The Wärtsilä RT-flex96C is a two-stroke turbocharged low-speed diesel engine designed by the Finnish manufacturer Wärtsilä. It is designed for large container ships that run on heavy fuel oil. Its largest 14-cylinder version is 13.5 metres (44 ft) high, 26.59 m (87 ft) long, weighs over 2,300 tons, and produces 80,080 kW (107,390 hp). The engine is the largest reciprocating engine in the world.

The 14-cylinder version first entered commercial service in September 2006 aboard the Emma Mærsk. The design is similar to the older RTA96C engine, but with common rail technology (in place of traditional camshaft, chain gear, fuel pump and hydraulic actuator systems). This provides maximum performance at lower revolutions per minute (rpm), reduces fuel consumption and emits lower levels of harmful emissions.

The engine has crosshead bearings so the always-vertical piston rods create a tight seal under the pistons. Consequently, the lubrication of the engine is split: the cylinders and the crankcase use different lubricants, each being specialised for and dedicated to its role. The cylinders are lubricated by continuous timed injection of consumable lubricant, formulated to protect the cylinders from wear and to neutralise the acids formed during combustion of the high-sulfur fuels commonly used. The crosshead design reduces sideways forces on the piston, keeping diametral cylinder liner wear down to about 0.03 mm per 1000 hours.[1]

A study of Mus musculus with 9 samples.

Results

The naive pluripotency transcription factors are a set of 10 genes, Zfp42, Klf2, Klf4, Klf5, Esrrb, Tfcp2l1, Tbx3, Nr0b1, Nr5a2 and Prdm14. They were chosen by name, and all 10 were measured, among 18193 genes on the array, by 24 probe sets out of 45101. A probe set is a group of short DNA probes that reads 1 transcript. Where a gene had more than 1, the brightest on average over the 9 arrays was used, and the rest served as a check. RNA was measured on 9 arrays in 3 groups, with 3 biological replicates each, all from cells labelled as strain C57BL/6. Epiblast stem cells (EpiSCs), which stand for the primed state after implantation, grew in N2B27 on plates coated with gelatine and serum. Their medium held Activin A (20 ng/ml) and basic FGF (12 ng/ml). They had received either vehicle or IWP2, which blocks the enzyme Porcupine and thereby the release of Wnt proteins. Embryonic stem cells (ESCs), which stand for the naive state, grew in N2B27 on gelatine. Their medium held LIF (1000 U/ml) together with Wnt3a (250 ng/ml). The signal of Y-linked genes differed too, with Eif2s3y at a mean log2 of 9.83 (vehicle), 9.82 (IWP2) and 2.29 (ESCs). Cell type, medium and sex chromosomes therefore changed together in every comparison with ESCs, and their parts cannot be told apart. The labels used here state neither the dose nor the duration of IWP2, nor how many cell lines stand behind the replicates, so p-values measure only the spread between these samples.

As a piston descends, it compresses incoming combustion air for the adjacent cylinders. This also serves to cushion the piston as it approaches bottom dead centre, thereby removing some load from the bearings. The engine is uniflow-scavenged by way of exhaust valves that are operated by electronically controlled hydraulics, thus eliminating the camshaft.

As of 2006, more than 300 RT-flex96C engines and older RTA96C engines were in service or on order.[2]

Technical data (as of 2008)

See also


  1. ^ 85% load, R2 operating point : max speed, lowest power


  1. ^ a b Hanlon, Mike. Most powerful diesel engine in the world GizMag. Accessed: 24 February 2011.
  2. ^ "The world's most powerful Engine enters service" (Press release). Wärtsilä Corporation. 2006-09-12.